Despite Kelley’s prejudicial word choices ("reputable," "online," "small faction," "social media") in her intense rebuttal to what she characterizes as accusations of historical revisionism infusing criticisms of the film, the fact is that no one can sensibly accuse The Woman King of historical revisionism because there is little history to revise.

What people are accusing The Woman King of is not historical revisionism but historical cherry-picking. The sparse, extant history of the period describes a power struggle between the Kingdom of Dahomey and what Kelley spins as the “wealthy, Western-influenced Oyo Empire.” After Dahomey’s victory, which The Woman King presents as due largely to the fierce female fighters the film glamorizes, the historical Dahomey took over the Oyo Empire and became the wealthy Dahomean Empire. Is the take-away that Dahomey then rejected the Oyo’s “Western influence” and, buttressed by those same fierce female fighters, spent the next 75 or so years supplying slaves to the Atlantic slave trade, but in a purer, African-influenced way? Assuming we can successfully parse what Kelley’s distinction actually means, no historical evidence supports this.

The problem with The Woman King is not that it revises history; every history revises history. The problem is that the filmmakers, in their zeal to dramatize both the capabilities of women and a little known period of African history—and good on them—have chosen to ignore the context, a horrific era of government-sanctioned, industrial-scale, commercial slavery in which for nearly 300 years Dahomey was a willing participant. The Woman King’s fierce female fighters enable Dahomey to continue that shameful practice from the film's fictional setting in 1823 until the “true events” end of that century.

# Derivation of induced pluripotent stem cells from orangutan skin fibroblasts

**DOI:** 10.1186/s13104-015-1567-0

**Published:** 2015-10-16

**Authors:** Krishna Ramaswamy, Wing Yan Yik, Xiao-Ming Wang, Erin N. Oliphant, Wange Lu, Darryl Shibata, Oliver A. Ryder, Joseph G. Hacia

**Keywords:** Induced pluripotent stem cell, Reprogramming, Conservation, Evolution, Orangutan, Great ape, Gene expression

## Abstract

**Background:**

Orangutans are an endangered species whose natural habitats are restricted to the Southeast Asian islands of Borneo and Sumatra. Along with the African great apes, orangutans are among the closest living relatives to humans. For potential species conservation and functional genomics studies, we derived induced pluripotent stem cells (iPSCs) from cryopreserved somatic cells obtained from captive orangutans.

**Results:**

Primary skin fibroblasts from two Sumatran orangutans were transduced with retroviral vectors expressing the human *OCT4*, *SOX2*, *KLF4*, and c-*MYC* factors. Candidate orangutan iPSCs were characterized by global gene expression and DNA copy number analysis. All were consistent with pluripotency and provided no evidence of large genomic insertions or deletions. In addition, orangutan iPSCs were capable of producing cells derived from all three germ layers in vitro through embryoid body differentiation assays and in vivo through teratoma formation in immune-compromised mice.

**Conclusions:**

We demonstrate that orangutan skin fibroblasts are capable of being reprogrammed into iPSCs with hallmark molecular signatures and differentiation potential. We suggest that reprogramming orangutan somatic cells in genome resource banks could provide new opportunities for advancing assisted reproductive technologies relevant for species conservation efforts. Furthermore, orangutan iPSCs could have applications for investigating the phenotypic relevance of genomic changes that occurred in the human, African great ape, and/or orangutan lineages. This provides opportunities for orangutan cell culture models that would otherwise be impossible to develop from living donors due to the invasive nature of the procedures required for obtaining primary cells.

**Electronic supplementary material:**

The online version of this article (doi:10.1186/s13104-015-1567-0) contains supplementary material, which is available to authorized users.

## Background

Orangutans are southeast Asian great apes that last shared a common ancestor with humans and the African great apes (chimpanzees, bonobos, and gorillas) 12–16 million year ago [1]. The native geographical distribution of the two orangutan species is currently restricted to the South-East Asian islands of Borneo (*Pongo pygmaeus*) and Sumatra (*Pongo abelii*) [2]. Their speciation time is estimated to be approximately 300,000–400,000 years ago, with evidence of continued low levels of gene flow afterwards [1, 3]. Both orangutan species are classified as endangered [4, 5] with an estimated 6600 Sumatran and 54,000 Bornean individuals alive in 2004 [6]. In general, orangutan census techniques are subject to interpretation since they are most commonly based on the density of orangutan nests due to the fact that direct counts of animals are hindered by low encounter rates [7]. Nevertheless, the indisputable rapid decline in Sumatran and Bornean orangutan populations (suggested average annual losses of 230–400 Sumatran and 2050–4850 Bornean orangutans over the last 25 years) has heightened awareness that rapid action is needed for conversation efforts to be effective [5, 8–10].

As an example of an off-point distraction: Kelley quotes the historical consultant, who says, “It’s a misconception that Dahomey was nothing other than a state involved in the slave trade.” But no one has said, “Dahomey was nothing other than a state involved in the slave trade.” As much as the filmmakers would like to distract us from the film’s obvious flaw—portraying female fighters whose efforts enable the continuation of slavery—the film’s subject is not a look at the myriad facets of Dahomean culture. The Woman King is not a movie about Dahomey’s sophisticated, nuanced civilization; it is a movie principally about one violent, bloody facet of that civilization. What is on point, what critics are objecting to, is not historical revisionism but the film’s taking wholly out of horrific historical context a truly awful moment in African and human history and pretending that that context shouldn’t color (sorry) our assessment of that moment.

It is the filmmakers who have stressed, and who continue to stress, The Woman King’s realism, its “based on true events” DNA. Yet in virtually the next breath they insist that the film should be judged as fiction. Who can blame them for wanting both things to be true?

The headline of Kelley’s essay says the film speaks the truth. [Italics mine.] Even in this era of lax journalistic standards and spotty editorial oversight, her piece stands out as opinion unembarrassedly presented as fact.

The Woman King does speak the truth. It’s just not the truth the filmmakers, Kelley, and the advertising-starved LA Times want us to hear. No studio public relations department could ask for more.